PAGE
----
Fans take part in the pit road walkabout.
Formula One World Championship, Rd11, British Grand Prix, Silverstone, England, 19 July 2003 Jarno Trulli (ITA) Renault R23B.
Formula One World Championship, Rd11, British Grand Prix, Silverstone, England, 19 July 2003 Rubens Barrichello (BRA) Ferrari F2003-GA.
Formula One World Championship, Rd11, British Grand Prix, Silverstone, England, 19 July 2003 Cristiano Da Matta (BRA) Toyota TF103.
Formula One World Championship, Rd11, British Grand Prix, Silverstone, England, 19 July 2003 Fans watch the action.
Formula One World Championship, Rd11, British Grand Prix, Silverstone, England, 19 July 2003

The Silverstone circuit in Northamptonshire, England holds a unique place in the history of Formula One racing, having staged the very first round of the official world championship back in 1950.

It actually hosted its first British Grand Prix two years earlier in 1948, the airfield track using both perimeter roads and runways as part of its lap. By the time the circuit joined the championship it employed only the perimeter roads. The venue has been altered numerous times since, but has always remained one the fastest and exciting on the Formula One racing calendar.

The winner of that first championship round in 1950 was Giuseppe Farina, who steered his Alfa Romeo to victory on his way to the inaugural drivers' title. Ferrari then dominated for the next four years, with Jose Froilan Gonzalez and Alberto Ascari taking two wins apiece.

From the mid 1950s the British Grand Prix alternated between Silverstone and the all-new Aintree circuit, where in 1955 Stirling Moss became the race's first home victor since it joined the championship calendar. He repeated the feat two years later, again at Aintree, this time sharing the winning car with fellow Brit Tony Brooks.

The run of home winners continued at Silverstone in 1958 when Peter Collins took the honours for Ferrari. Australian Jack Brabham then had back-to-back wins, one at each circuit, in 1959 and 1960, before German Wolfgang von Trips took his sole British Grand Prix victory in 1961.

In 1962 another Brit, Scotland's Jim Clark, began a run of four successive home wins, taking victories at Silverstone, Aintree, and Brands Hatch, which staged its first British Grand Prix in 1964. With Aintree dropped from the calendar after 1962, the race then alternated exclusively between Brands Hatch and Silverstone until the mid 1980s.

Over the next ten years winners of the British Grand Prix included famous names such as Jo Siffert, Jackie Stewart, Jochen Rindt and Emerson Fittipaldi. Then in 1975 Silverstone made its first significant revisions in a quarter of a century, when a new chicane was added at Woodcote in a bid to slow the cars.

However, in a rain-soaked race, Woodcote wasn't the only problem, as cars slid off everywhere in the treacherous conditions. The event was eventually cut short with the McLaren of Fittipaldi declared the winner.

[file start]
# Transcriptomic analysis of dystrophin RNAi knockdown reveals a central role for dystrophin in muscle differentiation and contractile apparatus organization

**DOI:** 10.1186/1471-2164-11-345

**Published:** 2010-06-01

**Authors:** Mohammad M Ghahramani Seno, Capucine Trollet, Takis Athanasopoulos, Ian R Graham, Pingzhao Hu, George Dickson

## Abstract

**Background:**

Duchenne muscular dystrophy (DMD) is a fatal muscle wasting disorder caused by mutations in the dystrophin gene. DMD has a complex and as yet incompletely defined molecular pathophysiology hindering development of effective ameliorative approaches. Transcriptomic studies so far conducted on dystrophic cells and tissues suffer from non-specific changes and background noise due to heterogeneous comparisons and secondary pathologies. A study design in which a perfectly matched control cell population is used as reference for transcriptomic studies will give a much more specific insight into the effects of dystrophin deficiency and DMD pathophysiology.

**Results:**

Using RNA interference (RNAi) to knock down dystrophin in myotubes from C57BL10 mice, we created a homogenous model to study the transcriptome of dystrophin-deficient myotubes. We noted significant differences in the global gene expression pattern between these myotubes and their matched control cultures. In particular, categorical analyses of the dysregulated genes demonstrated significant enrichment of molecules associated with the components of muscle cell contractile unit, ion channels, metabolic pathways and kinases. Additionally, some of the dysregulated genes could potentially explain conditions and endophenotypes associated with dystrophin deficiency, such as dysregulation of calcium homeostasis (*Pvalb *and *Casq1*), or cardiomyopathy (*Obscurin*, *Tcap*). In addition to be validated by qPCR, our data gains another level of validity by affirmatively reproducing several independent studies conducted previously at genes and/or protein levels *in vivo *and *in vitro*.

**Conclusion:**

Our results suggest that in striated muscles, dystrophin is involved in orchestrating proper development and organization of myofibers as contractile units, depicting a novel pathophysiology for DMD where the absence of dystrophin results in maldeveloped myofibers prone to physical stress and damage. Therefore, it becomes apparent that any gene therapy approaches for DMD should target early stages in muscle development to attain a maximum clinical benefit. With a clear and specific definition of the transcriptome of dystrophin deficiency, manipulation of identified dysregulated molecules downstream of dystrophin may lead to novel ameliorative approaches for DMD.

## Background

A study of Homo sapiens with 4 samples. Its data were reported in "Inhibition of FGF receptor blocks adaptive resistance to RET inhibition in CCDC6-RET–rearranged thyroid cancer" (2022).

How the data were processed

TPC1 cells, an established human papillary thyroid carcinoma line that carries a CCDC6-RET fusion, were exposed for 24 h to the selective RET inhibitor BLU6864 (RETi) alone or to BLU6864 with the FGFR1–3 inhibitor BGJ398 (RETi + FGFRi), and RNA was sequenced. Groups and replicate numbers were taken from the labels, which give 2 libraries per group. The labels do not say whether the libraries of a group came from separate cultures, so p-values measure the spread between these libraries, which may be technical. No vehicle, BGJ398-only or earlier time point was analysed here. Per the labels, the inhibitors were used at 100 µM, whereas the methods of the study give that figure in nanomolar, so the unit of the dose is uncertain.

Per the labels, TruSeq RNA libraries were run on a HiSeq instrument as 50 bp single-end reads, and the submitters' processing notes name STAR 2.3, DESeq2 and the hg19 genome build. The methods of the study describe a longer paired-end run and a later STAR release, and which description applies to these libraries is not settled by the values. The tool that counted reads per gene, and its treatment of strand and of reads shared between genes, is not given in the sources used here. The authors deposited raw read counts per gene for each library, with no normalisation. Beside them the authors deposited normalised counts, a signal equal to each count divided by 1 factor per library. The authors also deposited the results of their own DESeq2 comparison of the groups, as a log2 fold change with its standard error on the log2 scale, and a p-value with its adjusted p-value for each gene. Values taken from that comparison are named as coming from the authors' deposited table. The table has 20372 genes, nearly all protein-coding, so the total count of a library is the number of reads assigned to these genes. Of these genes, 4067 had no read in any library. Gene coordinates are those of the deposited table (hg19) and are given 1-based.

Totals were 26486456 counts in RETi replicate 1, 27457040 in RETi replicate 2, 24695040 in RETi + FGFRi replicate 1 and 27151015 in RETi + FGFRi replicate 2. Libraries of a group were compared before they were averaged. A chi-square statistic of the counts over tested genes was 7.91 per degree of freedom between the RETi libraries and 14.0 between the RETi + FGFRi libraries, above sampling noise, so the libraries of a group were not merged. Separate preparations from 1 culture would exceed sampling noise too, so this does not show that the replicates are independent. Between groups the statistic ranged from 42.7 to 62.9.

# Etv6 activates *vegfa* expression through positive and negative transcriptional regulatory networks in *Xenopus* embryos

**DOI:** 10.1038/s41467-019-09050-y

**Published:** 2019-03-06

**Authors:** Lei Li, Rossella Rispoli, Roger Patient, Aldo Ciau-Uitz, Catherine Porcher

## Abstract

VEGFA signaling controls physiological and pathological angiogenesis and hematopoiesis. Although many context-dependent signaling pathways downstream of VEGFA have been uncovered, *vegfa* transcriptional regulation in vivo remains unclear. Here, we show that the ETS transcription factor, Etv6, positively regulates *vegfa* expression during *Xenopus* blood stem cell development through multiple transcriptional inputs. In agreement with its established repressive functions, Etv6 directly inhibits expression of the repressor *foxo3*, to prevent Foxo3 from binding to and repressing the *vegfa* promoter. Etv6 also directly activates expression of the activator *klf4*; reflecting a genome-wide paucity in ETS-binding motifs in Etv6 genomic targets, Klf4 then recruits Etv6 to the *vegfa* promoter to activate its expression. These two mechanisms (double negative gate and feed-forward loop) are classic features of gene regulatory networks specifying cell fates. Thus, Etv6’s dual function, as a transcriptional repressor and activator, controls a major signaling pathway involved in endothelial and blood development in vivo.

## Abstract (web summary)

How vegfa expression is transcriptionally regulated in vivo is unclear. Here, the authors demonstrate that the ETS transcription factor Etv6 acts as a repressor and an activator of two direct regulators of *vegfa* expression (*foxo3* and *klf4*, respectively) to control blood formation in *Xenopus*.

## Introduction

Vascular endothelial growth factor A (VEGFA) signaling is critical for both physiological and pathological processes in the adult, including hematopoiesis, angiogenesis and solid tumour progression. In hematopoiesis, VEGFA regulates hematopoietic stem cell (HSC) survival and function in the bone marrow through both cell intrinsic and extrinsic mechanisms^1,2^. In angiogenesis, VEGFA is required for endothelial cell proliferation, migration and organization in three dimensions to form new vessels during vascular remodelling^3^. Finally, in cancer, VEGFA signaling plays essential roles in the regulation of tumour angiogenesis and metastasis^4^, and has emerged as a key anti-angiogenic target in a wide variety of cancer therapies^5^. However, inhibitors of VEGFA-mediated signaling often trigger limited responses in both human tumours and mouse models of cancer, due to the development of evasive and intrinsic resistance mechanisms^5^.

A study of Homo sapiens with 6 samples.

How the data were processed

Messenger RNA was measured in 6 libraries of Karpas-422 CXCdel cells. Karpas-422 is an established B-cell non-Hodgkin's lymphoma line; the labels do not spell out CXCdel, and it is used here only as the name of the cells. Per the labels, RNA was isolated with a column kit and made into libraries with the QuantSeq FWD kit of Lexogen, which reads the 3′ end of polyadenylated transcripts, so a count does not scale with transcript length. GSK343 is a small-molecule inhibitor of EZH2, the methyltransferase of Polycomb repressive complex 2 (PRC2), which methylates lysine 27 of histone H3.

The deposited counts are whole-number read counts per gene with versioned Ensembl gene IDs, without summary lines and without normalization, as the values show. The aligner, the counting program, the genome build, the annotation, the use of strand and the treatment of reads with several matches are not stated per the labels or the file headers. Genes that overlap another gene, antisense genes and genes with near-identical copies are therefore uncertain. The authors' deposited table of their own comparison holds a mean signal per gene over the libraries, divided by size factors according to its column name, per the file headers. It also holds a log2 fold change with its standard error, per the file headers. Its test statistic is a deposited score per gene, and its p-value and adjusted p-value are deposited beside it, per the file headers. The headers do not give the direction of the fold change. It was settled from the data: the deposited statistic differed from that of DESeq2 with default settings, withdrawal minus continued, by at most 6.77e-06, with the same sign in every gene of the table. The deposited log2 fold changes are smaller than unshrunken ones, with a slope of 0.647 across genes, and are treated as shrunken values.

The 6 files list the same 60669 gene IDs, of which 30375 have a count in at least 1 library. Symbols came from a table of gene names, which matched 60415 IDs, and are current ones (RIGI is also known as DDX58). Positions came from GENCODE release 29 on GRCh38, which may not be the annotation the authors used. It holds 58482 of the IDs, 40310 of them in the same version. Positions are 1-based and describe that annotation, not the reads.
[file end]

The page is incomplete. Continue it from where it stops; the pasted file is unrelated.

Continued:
James Hunt became another popular home victor at Silverstone in 1977 after battling it out with fellow Brit John Watson, who was eventually victorious at the circuit four years later in 1981. Meanwhile, the 1979 Silverstone race saw the Williams team take their very first Grand Prix victory, with Clay Regazzoni the man behind the wheel.

Brands Hatch staged its last British Grand Prix in 1986, while the 1987 Silverstone round saw more revisions to the circuit, with the Woodcote chicane replaced by a new complex. The race provided another home winner, with Nigel Mansell edging out Williams team mate Nelson Piquet. Mansell went on to win a total of four British Grands Prix during his Formula One racing career.

Major rebuilding work was carried out at Silverstone in time for the 1991 race. Becketts Corner was replaced with a new series of esses, while new complexes were added at both Stowe and Club. The biggest change was at Woodcote where a new section introduced Bridge Corner and Luffield to the lap. The alterations effectively slowed the cars, as well as adding around a quarter of a mile to the lap distance.

Mansell won that year and the next, before Alain Prost broke his run for Williams in 1993. However Damon Hill put a Brit back on top of the podium the following season, just weeks after the tragic death of his team mate Ayrton Senna at Imola.

Senna's passing prompted further safety improvements at Silverstone ahead of the 1994 race. A slower infield loop section was added before Woodcote and revisions made to the fast Becketts section. In 1995 the Stowe and Copse corners were also re-profiled, with Johnny Herbert taking victory for Benetton.

Jacques Villeneuve scored back-to-back wins for Williams in 1996 and 1997, before Michael Schumacher took his first British Grand Prix triumph in 1998. The next three years were all McLaren affairs. David Coulthard was victorious in 1999 and again in 2000, while a delighted Mika Hakkinen won the 2001 event against his season's run of form.

In 2002, Silverstone was the venue for Michael Schumacher’s 60th Grand Prix victory, the German winning in changeable conditions after a thrilling battle with Juan Pablo Montoya in the opening stages. But the champion’s luck deserted him last year after he lost out following two safety car periods, the second prompted by an errant spectator invading the track. It was left to Ferrari team mate Rubens Barrichello to score an excellent win in a thrilling race that featured more overtaking than in the rest of the 2003 season’s races put together.